Restoring a 540K is not for the faint of heart. The chrome bill alone on these cars can run close to $50,000
Mercedes-Benz introduced the 500K in 1934. The “K” designation stood for Kompressor, German for supercharger. With power increasing from 100 hp to 160 hp when the supercharger engaged, the cars were among the fastest grand touring cars of the time.
Although similar in many respects, the new-for-1936 540K model offered even more power: 115 hp naturally aspirated or an impressive 180 hp with the blower engaged. A 12-inch increase in wheelbase to 128 inches improved ride quality and gave coachbuilders more room to create even longer and more elegant lines. The hood was extended, while the raked, V-shaped radiator and external exhaust pipes gave the car an undeniable visual presence. Long sweeping fenders, gently skirted, added to the visual length of the car, while chrome accents highlighted the lines and added a sparkling elegance. Just 419 540K chassis were built before production ended in 1940.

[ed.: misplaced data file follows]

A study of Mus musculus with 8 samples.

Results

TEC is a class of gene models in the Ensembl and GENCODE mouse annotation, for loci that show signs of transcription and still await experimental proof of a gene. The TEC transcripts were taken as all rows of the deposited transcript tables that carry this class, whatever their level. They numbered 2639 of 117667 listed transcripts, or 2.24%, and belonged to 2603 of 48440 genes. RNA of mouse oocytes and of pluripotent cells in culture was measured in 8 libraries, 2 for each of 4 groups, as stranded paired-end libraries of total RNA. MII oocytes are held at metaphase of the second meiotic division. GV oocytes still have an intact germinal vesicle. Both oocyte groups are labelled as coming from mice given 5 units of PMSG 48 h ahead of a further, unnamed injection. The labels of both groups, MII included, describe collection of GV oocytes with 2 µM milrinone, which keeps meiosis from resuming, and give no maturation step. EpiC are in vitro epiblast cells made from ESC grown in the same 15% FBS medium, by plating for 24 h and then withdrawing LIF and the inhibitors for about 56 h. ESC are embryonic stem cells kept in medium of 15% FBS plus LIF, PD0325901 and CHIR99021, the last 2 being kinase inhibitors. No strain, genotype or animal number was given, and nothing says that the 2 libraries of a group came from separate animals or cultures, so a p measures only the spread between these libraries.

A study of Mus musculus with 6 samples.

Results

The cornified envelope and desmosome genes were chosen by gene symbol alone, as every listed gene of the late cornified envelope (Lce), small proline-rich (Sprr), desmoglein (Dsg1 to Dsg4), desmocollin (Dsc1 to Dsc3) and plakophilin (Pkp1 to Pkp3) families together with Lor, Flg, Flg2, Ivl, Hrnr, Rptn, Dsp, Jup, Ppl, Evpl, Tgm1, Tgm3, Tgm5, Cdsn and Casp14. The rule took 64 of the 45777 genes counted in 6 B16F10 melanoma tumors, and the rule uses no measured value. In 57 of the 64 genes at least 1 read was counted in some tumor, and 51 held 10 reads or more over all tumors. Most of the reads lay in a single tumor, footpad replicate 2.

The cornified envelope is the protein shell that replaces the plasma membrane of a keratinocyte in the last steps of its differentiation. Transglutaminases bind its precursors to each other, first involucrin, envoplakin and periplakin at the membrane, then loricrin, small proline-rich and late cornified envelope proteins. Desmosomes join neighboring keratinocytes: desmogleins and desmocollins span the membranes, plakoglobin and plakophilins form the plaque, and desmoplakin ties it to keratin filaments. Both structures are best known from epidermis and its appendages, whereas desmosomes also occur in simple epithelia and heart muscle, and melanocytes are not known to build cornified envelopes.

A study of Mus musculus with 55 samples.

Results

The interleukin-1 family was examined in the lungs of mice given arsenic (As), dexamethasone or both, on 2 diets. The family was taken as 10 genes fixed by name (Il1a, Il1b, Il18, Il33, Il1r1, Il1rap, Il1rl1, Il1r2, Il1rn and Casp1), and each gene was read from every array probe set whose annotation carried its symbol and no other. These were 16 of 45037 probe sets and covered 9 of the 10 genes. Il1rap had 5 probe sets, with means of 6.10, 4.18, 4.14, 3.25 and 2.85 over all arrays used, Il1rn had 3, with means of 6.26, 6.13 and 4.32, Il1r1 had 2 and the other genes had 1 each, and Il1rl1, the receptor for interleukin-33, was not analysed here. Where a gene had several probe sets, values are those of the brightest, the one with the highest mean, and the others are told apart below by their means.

Most coach-built bodies for Mercedes-Benz’s top chassis were constructed in the firm’s own coachworks at Sindelfingen. However, particular clients preferred the work of Germany’s major independent coachbuilder, Erdmann & Rossi, established in 1897 on Berlin’s Luisenstrasse. It moved to larger quarters near the Oranienburg Gate two years later, to concentrate on automobile bodies.
The spectacular Sport Cabriolet offered here was originally ordered by the Berglass brothers, a family of Berlin bankers. It was their second Sport Cabriolet by Erdmann & Rossi; the first was fitted to a 500K chassis. This car was delivered on December 10, 1936, and the design sheet pointed out a number of special features unique to this car, such as the specially lengthened hood with cooling doors, a unique hinged V-windshield, and twin-mounted rear spares.
This one-off 540K did not stay in Germany for long, and by 1938 it was shipped to the U.K. where it was road registered as LMG 594 just before the war. The car’s subsequent history remains relatively unknown until the mid-1970s, when it was purchased by the Goodman family of the San Francisco Bay area. The Mercedes-Benz remained in their care until it was sold in unrestored condition at an estate sale in 1993. Its subsequent owner immediately undertook a complete restoration of the car.
Following this extensive restoration, the 540K Sport Cabriolet received several awards including: first place at the 1997 Amelia Island Concours d’Elegance, second place at Pebble Beach in 1997, and both a First in Class and the Most Significant Mercedes award at the 1998 Meadow Brook Hall Concours d’Elegance. This spectacular and authentic 540K Mercedes-Benz represents the pinnacle of the coachbuilding art and design from the classic era.